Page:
LONDON — The London Stock Exchange on Friday agreed to sell Milan’s Borsa Italiana stock exchange to Euronext for 4.3 billion euros ($5 billion).
LSE confirmed it had entered exclusive discussions with pan-European bourse operator Euronext about the sale of the Borsa Italiana group last month.
It comes after LSE reached definitive terms to purchase data provider Refinitiv for $27 billion. The European Commission, the EU’s executive arm, has opened an in-depth investigation to consider the terms of the proposed transaction.
The sale of Borsa Italiana is dependent on, among other things, the Refinitiv transaction going through.
“We continue to make good progress on the highly attractive Refinitiv transaction and we are pleased to have reached this important milestone,” David Schwimmer, CEO of LSE Group, said in a statement on Friday.
“We believe the sale of the Borsa Italiana group will contribute significantly to addressing the EU’s competition concerns,” he added.
LSE said it expects to complete the Refinitiv deal by the end of 2020, or early 2021, with the Borsa Italiana transaction set to go through in the first six months of next year.
Shares of LSE were up around 0.2% shortly after the opening bell, with Euronext up more than 0.7% on the news.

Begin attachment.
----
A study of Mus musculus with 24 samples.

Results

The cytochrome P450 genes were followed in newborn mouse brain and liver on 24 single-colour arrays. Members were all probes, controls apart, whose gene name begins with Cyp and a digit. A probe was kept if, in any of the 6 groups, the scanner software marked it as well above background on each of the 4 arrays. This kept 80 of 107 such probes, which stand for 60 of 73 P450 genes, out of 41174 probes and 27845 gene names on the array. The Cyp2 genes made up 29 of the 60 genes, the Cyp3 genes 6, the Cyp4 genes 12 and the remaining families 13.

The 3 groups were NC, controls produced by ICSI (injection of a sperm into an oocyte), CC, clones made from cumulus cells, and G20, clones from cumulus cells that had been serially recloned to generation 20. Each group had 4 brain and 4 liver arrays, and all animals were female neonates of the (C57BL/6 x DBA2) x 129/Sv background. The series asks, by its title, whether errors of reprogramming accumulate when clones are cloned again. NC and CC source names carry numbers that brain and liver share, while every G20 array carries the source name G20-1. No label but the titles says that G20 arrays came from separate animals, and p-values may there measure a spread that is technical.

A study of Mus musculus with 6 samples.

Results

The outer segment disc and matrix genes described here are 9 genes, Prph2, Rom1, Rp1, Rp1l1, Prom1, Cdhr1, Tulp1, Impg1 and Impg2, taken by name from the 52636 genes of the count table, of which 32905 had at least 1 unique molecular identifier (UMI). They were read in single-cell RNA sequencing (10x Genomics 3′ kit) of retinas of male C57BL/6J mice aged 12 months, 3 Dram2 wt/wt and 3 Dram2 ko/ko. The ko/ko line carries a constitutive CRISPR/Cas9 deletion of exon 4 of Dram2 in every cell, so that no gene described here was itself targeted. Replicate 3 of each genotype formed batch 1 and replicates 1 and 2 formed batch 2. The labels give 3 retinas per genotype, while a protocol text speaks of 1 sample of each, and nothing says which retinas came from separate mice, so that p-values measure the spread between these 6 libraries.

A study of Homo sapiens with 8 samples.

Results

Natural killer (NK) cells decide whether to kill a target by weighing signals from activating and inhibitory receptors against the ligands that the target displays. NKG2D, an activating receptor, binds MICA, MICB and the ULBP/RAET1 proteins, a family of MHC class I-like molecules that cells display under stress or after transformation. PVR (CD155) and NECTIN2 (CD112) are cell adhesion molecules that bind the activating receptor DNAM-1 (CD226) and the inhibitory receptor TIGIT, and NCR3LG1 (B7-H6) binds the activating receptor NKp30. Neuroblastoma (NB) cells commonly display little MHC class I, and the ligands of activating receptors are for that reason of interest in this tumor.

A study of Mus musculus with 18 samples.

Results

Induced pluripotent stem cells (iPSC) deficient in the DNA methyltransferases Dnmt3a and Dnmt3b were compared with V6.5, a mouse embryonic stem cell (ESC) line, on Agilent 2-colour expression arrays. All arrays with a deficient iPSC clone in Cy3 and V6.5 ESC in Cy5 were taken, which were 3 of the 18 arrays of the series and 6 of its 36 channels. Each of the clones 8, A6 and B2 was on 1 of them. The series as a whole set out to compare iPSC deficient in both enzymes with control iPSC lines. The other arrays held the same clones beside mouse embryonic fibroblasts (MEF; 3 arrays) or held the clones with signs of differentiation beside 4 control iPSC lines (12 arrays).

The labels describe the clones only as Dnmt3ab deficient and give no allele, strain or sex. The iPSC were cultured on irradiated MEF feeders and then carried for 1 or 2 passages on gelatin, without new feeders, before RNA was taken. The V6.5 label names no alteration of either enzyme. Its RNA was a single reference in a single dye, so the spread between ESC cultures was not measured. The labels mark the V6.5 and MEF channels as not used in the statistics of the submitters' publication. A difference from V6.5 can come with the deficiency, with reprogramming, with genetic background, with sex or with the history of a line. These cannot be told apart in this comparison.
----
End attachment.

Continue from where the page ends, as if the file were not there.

“We look forward to embarking on the next phase of our history, working in partnership with Euronext, CDP Equity and Intesa Sanpaolo to further develop our business and to contribute to the development of European capital markets,” Raffaele Jerusalmi, CEO of Borsa Italiana, said on Friday.
Pedestrian passes Italy’s Stock Exchange, the Borsa Italiana, which is part of the London Stock Exchange Group Plc, in Milan Italy, on Thursday, Oct. 8, 2020.
Camilla Cerea | Bloomberg via Getty Images
‘Borsa Italiana will not be a periphery asset’
The sale of Borsa Italiana to Euronext is seen as politically sensitive in Italy due to Borsa’s ownership of MTS, the bond platform which handles the electronic trading of Italian government bonds and other types of fixed income securities.
Euronext has partnered with Italy’s biggest bank Intesa Sanpaolo and state agency CDP in an attempt to secure the backing of Rome’s government.
Stephane Boujnah, CEO and chairman of the managing board of Euronext, described the deal as a “significant achievement” in the firm’s strategic plan, “and a turning point in our Group’s history.”
Speaking to Class CNBC later on Friday afternoon, Boujnah which quick to play up the importance of Borsa Italiana once the transaction is finalized.
“Italy will be the latest contributor to the Euronext group, When you are the largest contributor to any company you are very important. And there is no success of Euronext going forward, without the success of Borsa Italiana,” he said. “Borsa Italiana will not be a periphery asset in a large group.”